Following Fortinet’s disclosure of a severe vulnerability in its FortiOS SSL-VPN feature, Mandiant researchers have discovered a China-based campaign believed to have exploited this vulnerability as a zero-day.
As part of their investigation, researchers have discovered a new malware dubbed ‘Boldmove’, specifically designed to target Fortigate firewalls. So far, a Windows and Linux variant has been discovered. Both are written in C, and the Linux version seems to be made to run on Fortinet devices, at least in part, as it reads data from a file exclusive to Fortinet devices.
While Mandiant hasn’t directly seen the malware exploit the vulnerability, it does include hardcoded Command and Control (C2) IP addresses that have previously been involved with the vulnerability’s exploitation, indicating that the bug was in fact exploited to deliver the malware to targeted systems.
After executing on an infected system, the malware attempts to connect to a hardcoded C2 server and relays important system information back to the attacker if the connection is successful. The operators can then use this backdoor to eventually gain full system access as well to deploy additional malware.
While the capabilities mentioned above are usually found in malware of this kind, the Linux variant of Boldmove can also manipulate specific features of FortiOS, something that requires an in-depth understanding of the product and is not usually seen in malware.
The malware was discovered in December 2022, and telemetry data suggests that exploitation was taking place as early as October 2022. Targets included a managed services provider in Africa as well as a government entity in Europe.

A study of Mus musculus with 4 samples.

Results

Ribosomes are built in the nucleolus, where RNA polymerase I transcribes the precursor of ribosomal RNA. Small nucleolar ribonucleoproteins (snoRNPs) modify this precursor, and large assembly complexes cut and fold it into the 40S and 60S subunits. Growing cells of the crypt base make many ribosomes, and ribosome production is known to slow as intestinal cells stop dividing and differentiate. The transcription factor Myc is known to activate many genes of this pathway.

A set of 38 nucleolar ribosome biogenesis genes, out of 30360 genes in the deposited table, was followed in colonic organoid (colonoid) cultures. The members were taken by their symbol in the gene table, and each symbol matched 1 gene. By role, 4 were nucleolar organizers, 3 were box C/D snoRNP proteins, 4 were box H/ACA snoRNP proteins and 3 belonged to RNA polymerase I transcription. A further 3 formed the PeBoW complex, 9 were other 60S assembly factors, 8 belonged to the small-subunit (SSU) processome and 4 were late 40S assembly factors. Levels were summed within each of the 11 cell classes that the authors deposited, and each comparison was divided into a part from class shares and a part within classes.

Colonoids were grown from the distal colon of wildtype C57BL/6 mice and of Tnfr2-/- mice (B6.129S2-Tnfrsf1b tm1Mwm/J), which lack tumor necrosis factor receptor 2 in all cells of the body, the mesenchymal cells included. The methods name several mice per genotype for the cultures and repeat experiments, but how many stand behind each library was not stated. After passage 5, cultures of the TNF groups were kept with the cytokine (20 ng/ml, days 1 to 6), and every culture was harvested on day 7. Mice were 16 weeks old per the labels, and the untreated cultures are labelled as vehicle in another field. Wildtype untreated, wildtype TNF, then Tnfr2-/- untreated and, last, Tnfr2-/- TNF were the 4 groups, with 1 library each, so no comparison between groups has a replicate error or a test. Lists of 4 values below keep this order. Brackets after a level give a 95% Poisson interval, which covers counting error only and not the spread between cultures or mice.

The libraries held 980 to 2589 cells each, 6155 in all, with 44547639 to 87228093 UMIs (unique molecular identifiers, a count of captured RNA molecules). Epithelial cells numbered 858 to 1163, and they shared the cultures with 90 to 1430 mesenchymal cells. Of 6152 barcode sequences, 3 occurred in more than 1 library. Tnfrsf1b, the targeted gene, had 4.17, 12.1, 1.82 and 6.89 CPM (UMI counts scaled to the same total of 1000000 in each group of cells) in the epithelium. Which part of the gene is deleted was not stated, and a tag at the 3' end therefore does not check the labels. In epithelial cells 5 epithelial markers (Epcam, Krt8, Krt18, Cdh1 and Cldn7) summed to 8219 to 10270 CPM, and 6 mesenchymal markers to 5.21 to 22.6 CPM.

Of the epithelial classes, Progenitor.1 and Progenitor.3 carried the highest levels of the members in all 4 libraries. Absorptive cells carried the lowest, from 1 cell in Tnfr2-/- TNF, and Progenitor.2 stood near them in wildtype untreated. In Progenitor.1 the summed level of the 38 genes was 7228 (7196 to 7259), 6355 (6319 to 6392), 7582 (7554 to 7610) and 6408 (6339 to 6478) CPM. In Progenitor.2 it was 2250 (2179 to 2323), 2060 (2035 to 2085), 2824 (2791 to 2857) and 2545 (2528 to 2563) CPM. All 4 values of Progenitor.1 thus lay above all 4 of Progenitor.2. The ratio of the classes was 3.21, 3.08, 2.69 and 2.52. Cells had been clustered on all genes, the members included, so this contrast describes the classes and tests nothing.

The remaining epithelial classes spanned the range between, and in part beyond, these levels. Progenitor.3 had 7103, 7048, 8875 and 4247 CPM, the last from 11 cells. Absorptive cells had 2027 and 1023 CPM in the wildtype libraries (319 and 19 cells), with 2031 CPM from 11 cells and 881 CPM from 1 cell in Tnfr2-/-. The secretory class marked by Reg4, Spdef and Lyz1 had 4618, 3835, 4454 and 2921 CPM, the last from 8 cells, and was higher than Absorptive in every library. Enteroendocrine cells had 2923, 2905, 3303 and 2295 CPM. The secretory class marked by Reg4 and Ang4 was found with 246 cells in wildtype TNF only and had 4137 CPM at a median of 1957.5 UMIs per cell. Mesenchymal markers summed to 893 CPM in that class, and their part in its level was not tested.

Currently, Mandiant has associated the bug with Chinese threat actors with low confidence, as China-based TAs have previously shown interest in targeting network devices. Additionally, the geographical and sector targeting is also consistent with previous Chinese operations.
As for the vulnerability itself, it’s tracked as CVE-2022-42475, with a severity score of 9.3. The bug was disclosed on December 12, with Fortinet suggesting disabling the SSL-VPN feature as a countermeasure before privately informing some customers of the attacks and the availability of patches.
It’s a heap-based buffer overflow vulnerability and allows a remote attacker to execute malicious code or commands using specially crafted web requests. Fortinet had also reported that the exploit was available in the wild.
Initial assumptions about threat actors exploiting the vulnerability placed suspicions on ransomware groups, as pointed out by security researcher Kevin Beaumont on Mastodon. However, further investigation revealed that a state-sponsored actor was likely behind the exploits, posing as a ransomware group.